Philip Michaels | Sept. 10, 2014
We've made an entire circuit around the globe since the last time Tim Cook unveiled a new smartphone. What have other phone makers been doing since then? And how will that inform what Apple announces at Tuesday's big event?

What Apple might do next: Past iPhone updates have introduced improvements to both the camera's hardware and software. It's hard to imagine a new iPhone not following suit, with a more powerful sensor and some editing tricks along the lines of what the company introduced with the 5s. The front-facing camera--long the laggard in the iPhone's photo arsenal--could stand some selfie-inspired improvements as well.

Phones have gotten bigger
What Apple did: The iPhone 5s retained the dimensions of its predecessor, right down to its 4-inch screen. (The iPhone 5c was slightly taller, wider, and thicker and weighed 0.7 ounces more, but it also featured a 4-inch display.) Prior to the iPhone 5's 2012 release, iPhones featured a 3.5-inch screen.

What's happened since: While Apple has held the line on how big phones should be, other device makers haven't shied away from super-sizing their products. The HTC One offers a 5-inch screen; the Galaxy S5's screen checks in at 5.1 inches. And those screens are positively cramped compared to the 5.5- and 5.7-inch screens you'll find on the LG G3 and Galaxy Note 4, respectively. These are not outliers--NPD Group says that large-screen smartphones (ones with screens 4.7 inches or larger) now take up a third of the shelf space for national carriers; that's up from 4 percent just two years ago. Those large smartphones also make up more than a quarter of sales, up from 2 percent in the second quarter of 2012. (Interestingly, NPD says that sales figures are lagging, in part because Apple and its smaller-screened phones continue to enjoy a large slice of the smartphone market.)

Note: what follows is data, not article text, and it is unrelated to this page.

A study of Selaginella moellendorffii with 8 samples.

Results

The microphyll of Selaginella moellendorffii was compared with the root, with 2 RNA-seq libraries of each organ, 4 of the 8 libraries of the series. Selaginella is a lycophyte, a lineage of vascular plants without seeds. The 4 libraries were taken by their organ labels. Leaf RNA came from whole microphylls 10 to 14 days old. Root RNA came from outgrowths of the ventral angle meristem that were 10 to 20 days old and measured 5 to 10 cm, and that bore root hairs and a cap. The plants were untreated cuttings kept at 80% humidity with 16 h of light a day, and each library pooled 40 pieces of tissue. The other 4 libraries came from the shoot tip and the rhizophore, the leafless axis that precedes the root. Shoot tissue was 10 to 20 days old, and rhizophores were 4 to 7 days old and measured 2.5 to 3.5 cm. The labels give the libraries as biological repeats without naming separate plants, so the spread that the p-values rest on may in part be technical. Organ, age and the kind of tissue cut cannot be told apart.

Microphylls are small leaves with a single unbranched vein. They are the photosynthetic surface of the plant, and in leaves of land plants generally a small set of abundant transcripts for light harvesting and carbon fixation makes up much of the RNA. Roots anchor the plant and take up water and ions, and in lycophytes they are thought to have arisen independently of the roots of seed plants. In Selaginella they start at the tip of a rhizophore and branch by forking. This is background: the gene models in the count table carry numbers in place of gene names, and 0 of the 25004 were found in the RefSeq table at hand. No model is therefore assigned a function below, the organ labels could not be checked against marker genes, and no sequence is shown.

What Apple might do next: Rumors point to Apple coming out with different sizes of its next iPhone at Tuesday's press event, though given Apple's reluctance to come out with a product just because everyone else is doing it, expect that any iPhone with a larger screen will have a very specific purpose for sporting one.

Displays have packed in more pixels
What Apple did: The iPhone 4 introduced the world to the Retina Display, and it was an eye-popping experience. Packing in 326 pixels per inch onto your phone's screen, Apple's high-resolution display made on-screen text look like something off a printed page. Apple's wisely stuck with the feature through subsequent iPhone iterations: the 5s offers 1136-by-640-pixel resolution with that same 326 pixels per inch (ppi).

What's happened since: Other phone makers have responded by packing in more pixels. The Galaxy S5 boasts a resolution of 1080-by-1920 with a pixel density of 432 ppi while the HTC One (M8) boasts 441 ppi on a scree with the same resolution. That's nothing compared to the Quad HD display on LG's G3: it features a resolution of 2560-by-1440 and 534 pixels per inch.